By Pedro Fortunato ~

Yesterday on Facebook, I saw a picture that ironizes the judgmental logic so present in many Christians. There was the phrase "How to get a ticket to hell" and then, those well-known not so popular commandments from the Old Testament prohibiting eating pork, working on Saturdays, etc. Well, I know it was meant to be just a joke, but anyone who knows a little theology, knows there is a theological error in this picture (the error of thinking that the laws of the Old Testament were meant to save people from hell). Anyone with a little more understanding of the Jewish culture knows that the idea of hell and heaven are not in the Old Testament as the Jewish religion did not, and does not, have a hell (the idea was developed when the Old Testament was already written and only “stuck” on Christianity).

It does not take much study to comprehend that breaking the law in the Old testament did not mean eternal, but temporal punishment, as it is summed up in the book of Deuteronomy 30:19 “This day I call the heavens and the earth as witnesses against you that I have set before you life and death, blessings and curses. Now choose life, so that you and your children may live”. Only a very poor theology would take it out of context and teach that life and death here are synonymous of heaven and hell.

But this misunderstanding of interpretation, this mix of the Old Testament laws with the Christian hell as consequence of breaking them, made me think about which one of the “testaments” is actually better. The Old Testament, with the god that sends plagues to kill entire civilizations or the New Testament, with its god who loved the whole world so much that he will send that same world to hell for not loving him back.

It is not uncommon to hear people claiming that the Old Testament is too severe and complicated and the New Testament is all about god’s love. We hear people saying that the old covenant was of the law, but now is the time of god's grace. It seems that while the god of the Old Testament was always looking for someone to punish, the god of the New Testament just wants to save humanity, giving his one and only Son, that whoever believes in him shall not perish but have eternal life (John 3:16). This passage is well known, however, after John 3:16, there is John 3:18, saying that whoever does not believe in the son is already condemned. Thus, if in the old version, god used his Law to establish a temporal condemnation for his chosen people, in the updated version, he uses his loving son not only for salvation, but also, for eternal condemnation of anyone in the world. Weird, right?

Back to Facebook. A friend of mine commented on the aforementioned picture. She wrote "thanks god for the New Testament". I understand her commentary as it is something I would have written myself in the past, when I was still a Christian. She believes that the New Testament "puts an end" to the inconvenient laws of the Old Testament and brings the gospel of salvation, enabling us to go to heaven while eating a cheeseburger with double bacon (maybe after working on a Saturday, wearing a tight cotton-polyester t-shirt that does not cover a cool tattoo of Jesus Christ). What she may not realize is that the New Testament is precisely what brings the possibilities of both eternal salvation and eternal damnation to humanity. The Old Testament was about the earthly life of a single people (Israel), but the New Testament deals with the afterlife of every single person who ever lived. Like that bad Suicide Squad movie with Jared Leto and Will Smith, the New Testament comes to solve a problem created by itself. Without the New Testament, there is no Jesus to save us from hell, but also, there is no hell to be saved from.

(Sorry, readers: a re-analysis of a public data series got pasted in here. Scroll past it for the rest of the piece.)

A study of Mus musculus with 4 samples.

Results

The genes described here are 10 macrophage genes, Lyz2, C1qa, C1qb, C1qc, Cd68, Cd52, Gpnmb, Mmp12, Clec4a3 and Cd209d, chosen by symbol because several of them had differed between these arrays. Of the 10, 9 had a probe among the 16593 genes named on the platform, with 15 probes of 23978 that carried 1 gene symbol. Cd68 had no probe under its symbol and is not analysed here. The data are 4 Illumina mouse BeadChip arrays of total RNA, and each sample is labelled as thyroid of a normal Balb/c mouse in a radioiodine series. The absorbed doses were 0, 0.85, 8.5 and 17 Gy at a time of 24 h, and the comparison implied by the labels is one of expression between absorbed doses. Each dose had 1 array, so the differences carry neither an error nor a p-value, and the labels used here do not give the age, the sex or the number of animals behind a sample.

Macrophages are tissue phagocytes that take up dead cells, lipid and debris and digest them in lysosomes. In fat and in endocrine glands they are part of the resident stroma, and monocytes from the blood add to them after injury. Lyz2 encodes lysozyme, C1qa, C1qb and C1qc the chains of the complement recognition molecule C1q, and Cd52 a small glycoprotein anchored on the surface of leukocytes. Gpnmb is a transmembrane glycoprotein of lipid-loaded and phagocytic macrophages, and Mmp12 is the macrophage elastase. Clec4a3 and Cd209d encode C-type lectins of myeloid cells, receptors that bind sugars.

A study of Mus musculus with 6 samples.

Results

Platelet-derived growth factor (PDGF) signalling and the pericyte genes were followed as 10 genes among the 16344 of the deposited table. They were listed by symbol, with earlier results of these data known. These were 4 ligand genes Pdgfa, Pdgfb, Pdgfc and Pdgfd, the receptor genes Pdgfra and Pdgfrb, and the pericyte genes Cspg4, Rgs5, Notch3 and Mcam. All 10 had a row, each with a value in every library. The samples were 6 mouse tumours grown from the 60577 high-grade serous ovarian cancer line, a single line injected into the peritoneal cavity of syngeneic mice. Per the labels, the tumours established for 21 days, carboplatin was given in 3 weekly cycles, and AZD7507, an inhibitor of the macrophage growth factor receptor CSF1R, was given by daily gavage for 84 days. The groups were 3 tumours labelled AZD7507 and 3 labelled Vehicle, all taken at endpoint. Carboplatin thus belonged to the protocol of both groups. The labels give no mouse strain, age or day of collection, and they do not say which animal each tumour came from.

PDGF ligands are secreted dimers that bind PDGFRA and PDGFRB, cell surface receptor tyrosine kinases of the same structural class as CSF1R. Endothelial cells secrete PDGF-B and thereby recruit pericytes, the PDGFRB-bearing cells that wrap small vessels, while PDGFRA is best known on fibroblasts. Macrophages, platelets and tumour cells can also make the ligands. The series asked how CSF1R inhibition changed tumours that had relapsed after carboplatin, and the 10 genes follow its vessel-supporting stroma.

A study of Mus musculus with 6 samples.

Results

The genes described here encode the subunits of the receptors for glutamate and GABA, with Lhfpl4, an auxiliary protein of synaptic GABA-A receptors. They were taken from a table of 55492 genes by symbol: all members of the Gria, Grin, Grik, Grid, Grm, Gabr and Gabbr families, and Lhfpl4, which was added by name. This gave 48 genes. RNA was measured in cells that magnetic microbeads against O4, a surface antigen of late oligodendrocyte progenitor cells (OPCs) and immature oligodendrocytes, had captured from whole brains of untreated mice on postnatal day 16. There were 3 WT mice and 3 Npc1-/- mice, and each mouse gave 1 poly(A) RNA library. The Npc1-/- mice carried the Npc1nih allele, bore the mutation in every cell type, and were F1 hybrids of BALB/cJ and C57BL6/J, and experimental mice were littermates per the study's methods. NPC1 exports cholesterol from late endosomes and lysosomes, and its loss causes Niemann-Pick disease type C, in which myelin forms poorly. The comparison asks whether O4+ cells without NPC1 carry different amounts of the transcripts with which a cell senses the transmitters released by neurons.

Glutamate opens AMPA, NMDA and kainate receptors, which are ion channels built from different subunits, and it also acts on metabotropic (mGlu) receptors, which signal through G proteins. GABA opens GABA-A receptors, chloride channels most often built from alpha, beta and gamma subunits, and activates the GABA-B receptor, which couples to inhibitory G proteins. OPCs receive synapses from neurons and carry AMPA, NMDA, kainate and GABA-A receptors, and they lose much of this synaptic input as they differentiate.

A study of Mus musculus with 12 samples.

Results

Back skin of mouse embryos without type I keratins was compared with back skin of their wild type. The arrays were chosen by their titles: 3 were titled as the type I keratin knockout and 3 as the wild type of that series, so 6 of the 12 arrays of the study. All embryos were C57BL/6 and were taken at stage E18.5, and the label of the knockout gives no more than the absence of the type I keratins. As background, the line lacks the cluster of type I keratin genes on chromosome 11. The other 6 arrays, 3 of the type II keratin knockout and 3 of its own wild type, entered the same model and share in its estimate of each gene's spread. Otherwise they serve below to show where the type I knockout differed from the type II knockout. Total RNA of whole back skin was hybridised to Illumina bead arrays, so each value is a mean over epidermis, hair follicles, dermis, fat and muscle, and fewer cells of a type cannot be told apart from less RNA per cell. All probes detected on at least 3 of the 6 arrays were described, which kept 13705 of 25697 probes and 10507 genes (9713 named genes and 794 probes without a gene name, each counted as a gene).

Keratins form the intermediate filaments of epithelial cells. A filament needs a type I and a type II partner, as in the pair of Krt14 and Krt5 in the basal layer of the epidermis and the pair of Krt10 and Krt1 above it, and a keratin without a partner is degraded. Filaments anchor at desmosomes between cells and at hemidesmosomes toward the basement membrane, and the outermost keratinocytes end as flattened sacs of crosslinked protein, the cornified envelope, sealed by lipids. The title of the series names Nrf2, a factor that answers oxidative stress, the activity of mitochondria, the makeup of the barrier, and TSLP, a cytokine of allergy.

In the Old Testament, when Israel disobeyed the law of god, they would lose god’s favor and be conquered by the latest emerging, cruel, nearby empire. And any Jew would be impure before god for just a bite of pork meat. But it is only in the New Testament that we find the threat of spending eternity in weeping and gnashing of teeth. Think about that the next time you complain about the price to add extra bacon on your sandwich.

By here, you might think I am saying that things were way better in the Old Testament, when someone could be stoned to death just for stubbornly disobeying their parents (Deuteronomy 21:18-21). Well, I am not saying that. I am not saying the Old Testament is overly better than the New one. I do not believe that, and I know I am oversimplifying a discussion that could easily result in a much larger text. But, with these few issues considered here, the question remains: which one is better? The severe god, who may send you the ten plagues or the loving god, who might send you to hell?

Well, it is eternal suffering, but if you ask me, I’d rather have my cheeseburger with extra bacon, please.